A Lexington cemetery honors Civil War heroes with Juneteenth Jubilee

Lexington community members gathered Saturday for the 19th annual Juneteenth Jubilee, a ceremony recognizing African Americans’ service in the Civil War.

The ceremony was held at African Cemetery No. 2, the resting place of many Civil War veterans.

Attendees stood as the ceremony was opened with the posting of American and regimental flags by the United States Colored Troops and 12th Heavy Artillery Regiment.

Lonnie Brown, a corporal for the 12th Heavy Artillery Regiment, said he has been involved with the organization since its formation in 2005.

He said his unit is a “historical and educational outreach unit.”

They participate in multiple events around the state, speak in schools and perform reenactments.

Brown said one of their major missions is public outreach.

“We take pride in telling the story, telling the history of not only African Americans, but again, American history. It’s your history. It’s my history. It’s everybody’s history,” Brown said.

The event showcased speakers who educated the audience about the history of both free and enslaved Black service members.

One of the speakers, Mark Watkins, in light of Juneteenth, provided an in-depth history of Lewis and Harriet Hayden.

The Haydens were enslaved in Lexington and became leading abolitionists who crossed the Ohio River for their freedom.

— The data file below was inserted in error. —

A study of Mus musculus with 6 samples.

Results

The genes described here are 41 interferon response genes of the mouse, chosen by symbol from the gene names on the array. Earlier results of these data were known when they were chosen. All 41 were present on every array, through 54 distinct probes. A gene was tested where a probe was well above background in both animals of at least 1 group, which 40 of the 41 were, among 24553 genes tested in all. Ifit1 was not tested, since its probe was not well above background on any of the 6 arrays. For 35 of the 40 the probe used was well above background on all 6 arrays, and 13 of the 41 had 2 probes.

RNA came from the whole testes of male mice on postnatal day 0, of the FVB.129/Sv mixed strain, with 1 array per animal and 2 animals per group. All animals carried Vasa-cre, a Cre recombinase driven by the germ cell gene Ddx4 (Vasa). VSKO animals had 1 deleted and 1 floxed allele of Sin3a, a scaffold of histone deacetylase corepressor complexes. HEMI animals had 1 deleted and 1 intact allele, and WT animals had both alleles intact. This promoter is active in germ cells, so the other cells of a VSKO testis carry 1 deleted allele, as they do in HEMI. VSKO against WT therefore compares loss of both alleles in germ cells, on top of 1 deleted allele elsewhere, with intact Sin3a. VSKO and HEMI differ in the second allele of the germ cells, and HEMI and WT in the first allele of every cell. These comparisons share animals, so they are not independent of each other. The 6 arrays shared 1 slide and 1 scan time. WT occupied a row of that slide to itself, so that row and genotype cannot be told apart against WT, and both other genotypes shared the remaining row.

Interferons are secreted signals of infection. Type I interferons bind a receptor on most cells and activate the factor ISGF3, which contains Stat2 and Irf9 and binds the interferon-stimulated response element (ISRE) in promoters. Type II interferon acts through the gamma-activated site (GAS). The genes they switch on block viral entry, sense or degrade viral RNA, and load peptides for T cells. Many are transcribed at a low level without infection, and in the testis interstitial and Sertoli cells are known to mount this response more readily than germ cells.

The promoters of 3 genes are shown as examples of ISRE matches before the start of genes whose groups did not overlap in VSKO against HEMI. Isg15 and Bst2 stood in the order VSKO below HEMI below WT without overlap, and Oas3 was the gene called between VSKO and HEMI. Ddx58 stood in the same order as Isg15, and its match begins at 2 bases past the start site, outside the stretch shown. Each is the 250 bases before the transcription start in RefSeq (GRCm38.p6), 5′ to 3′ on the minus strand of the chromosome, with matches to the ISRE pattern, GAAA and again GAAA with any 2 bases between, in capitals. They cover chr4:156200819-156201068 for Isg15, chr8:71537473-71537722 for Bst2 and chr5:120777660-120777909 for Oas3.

The Lexington Freedom Train is working on building a monument at the corner of Fourth and Limestone streets to honor the Haydens and Lexington’s Underground Railroad. The project is expected to be completed by May 2025.

Watkins also shed light on the blurred narrative of African Americans’ participation in the war.

He said he couldn’t imagine African Americans fighting for the Union until eighth grade when he watched the movie “Glory,” representing members of the 54th Massachusetts Regiment of the Union Army.

“It changed my life forever, because then I saw people like me, people who look like me, fought for the Union, fought for the freedom of every single American citizen, and it gave me a place in history,” Watkins said.

Yvonne Giles, a member of the cemetery board and leader of the event, said the event is centered around education.

She said the Jubilee is focused on telling the story of the soldiers rather than participating in a more typical “fun” setting for a Juneteenth event.

“For Juneteenth, ours (the event) has always been very dedicated to the men who fought,” Giles said.